Fresh off the podium.

Six years after its original Japanese release, I spent the summer savouring The Great Ace Attorney Chronicles. There's an enormous amount to marvel at, from fantastic localisation to wonderfully expressive characters, to thrilling courtroom turnabouts and revelations I'll try to avoid spoiling here. But what struck me most was how, in charting accidental student lawyer Ryunosuke Naruhodo's journey from Meiji Japan to Victorian England, this is a rare game that captures the immigrant experience.

The premise of many games do, of course, involve journeying to new worlds. But even in the realms of fantasy or sci-fi, they can almost always be read from a Western, borderline colonialist, perspective. The term 'immigrant' itself comes loaded with connotations, especially considering Westerners who move abroad are referred to as expats instead.

There have been immigration-themed games, such as the dystopian border controls of Papers, Please, or Bury Me, My Love and its human portrayal of the Syrian refugee crisis. As important as these examples are, however, their focus is more on the perilous process of migration, rather than what life is like for people in a new country, with different customs, where they're in the minority.

In Ryunosuke's case, he's a student from Japan who travels to England to learn from its judicial system, in the hope of transforming his own country's legal system which at the time was still nascent to the concept of defence lawyers. Although this visit takes place within the context of a treaty between the two nations - based on the historic 1902 Anglo-Japanese Alliance, which did see a cross-cultural exchange between both sides - it's clear the relationship is not really on equal standing. The implication is he is travelling to a superior nation - the British Empire was arguably the largest in the world in the Victorian era - and as such he is often treated as the backward Easterner and looked down upon by the British characters, despite being able to speak perfectly fluent English and have the rather respectable occupation of lawyer.


When Ryunosuke finds himself defending fellow Japanese, Natsume Soseki (based on the real-life moustachioed Meiji-era novelist), it's almost shocking how much the defendant is singled out simply because he is Japanese, such as when one juror accentuates his "sallow complexion and short stature" as a sign of his guilt. You'd probably call it overbearing and exploitative if it wasn't for the fact this is a game made by Japanese developers, and the original Japanese text is reportedly even more overtly racist.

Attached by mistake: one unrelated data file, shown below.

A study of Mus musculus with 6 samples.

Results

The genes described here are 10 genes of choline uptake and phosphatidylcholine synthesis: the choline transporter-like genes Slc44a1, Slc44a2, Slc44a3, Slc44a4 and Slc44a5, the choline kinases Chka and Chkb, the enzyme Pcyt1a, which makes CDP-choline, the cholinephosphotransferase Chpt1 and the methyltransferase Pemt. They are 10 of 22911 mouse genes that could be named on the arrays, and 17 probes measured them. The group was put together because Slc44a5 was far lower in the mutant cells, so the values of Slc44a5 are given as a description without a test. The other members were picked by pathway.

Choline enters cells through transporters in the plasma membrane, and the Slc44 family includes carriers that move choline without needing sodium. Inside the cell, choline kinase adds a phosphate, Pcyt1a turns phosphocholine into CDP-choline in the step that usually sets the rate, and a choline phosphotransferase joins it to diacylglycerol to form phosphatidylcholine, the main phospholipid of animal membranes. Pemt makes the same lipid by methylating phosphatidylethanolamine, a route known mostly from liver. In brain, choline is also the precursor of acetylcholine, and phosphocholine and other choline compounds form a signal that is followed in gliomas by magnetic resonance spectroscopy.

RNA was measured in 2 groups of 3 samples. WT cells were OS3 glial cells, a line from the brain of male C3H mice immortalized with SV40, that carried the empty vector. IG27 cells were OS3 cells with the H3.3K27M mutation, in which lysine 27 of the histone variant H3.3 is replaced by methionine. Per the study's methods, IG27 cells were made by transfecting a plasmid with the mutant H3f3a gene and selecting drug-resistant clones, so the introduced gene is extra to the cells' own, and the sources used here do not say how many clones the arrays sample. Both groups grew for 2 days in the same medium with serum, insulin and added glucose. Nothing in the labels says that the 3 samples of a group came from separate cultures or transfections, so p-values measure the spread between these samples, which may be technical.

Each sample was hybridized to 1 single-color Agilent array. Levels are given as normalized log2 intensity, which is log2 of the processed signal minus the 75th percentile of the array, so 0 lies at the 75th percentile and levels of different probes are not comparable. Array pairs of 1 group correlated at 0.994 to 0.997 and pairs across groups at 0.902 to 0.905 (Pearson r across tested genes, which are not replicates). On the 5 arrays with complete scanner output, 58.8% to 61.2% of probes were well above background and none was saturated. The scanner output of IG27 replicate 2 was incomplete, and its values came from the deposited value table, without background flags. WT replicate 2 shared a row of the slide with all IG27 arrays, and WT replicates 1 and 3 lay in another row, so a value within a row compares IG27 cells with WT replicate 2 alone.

screenshot_greataceattorney_sallow

It's not just open hostility that's captured but also the microaggressions, some of which might come off comical but still have the sting of reality when white people, whether wilfully or unintentionally, get foreign names wrong. That extends to when Ryunosuke and his judicial assistant Susato encounter Sholmes' precocious assistant Iris, who immediately calls them 'Runo' and 'Susie' instead. While it's true that she does give diminutives to her nearest and dearest, such as 'Hurley' for Sholmes, it still reflects the reality of how ethnic-sounding names are often anglicized for the benefit of Westerners.

It may appear that the immigrant experience seen in Great Ace Attorney is largely a negative one, but there are positives too. We get to see solidarity between fellow countrymen, such as how Ryunosuke becomes the only lawyer willing to represent Sosemi, who himself has struggled with adapting to British culture, even before he finds himself accused of a crime. That solidarity is also expressed in the way the Japanese characters speak to each other privately in their native tongue, as denoted by the use of Japanese honorifics like "-san", a deliberate localisation choice as explained by Capcom's Janet Tsu in a fascinating Polygon interview.


As such, they represent the pressure immigrants feel to assimilate into Western culture, at the expense of their own identity, in order to succeed. I know that, growing up, I often felt ashamed or embarrassed of my own Chinese heritage, and it wasn't until after my teens I was able to find pride in my culture. I think it's a similar experience people of other ethnicities have, wanting to fit into the culture they've grown up around, and only learning to appreciate their own roots later on (something I hope improves as diversity becomes more visible and meaningful in media).

It's a similar trajectory for the Ace Attorney series. That the latest games involve returning to the past to play as your own ancestor feels like the series coming full circle. It's probably too much to expect a re-localisation effort to make the originals closer to their Japanese releases, but if series creator Shu Takumi ever decides to make a new, modern-day Ace Attorney title, I'd have no objections to the protagonist remaining, faithfully, as Ryuichi.


Alan Wen

Alan Wen

Contributor

Alan is a freelance writer and critic with an unabashed love of Japanese games and RPGs, despite having less time for them. He will also find any excuse to get all blue skies about Sega.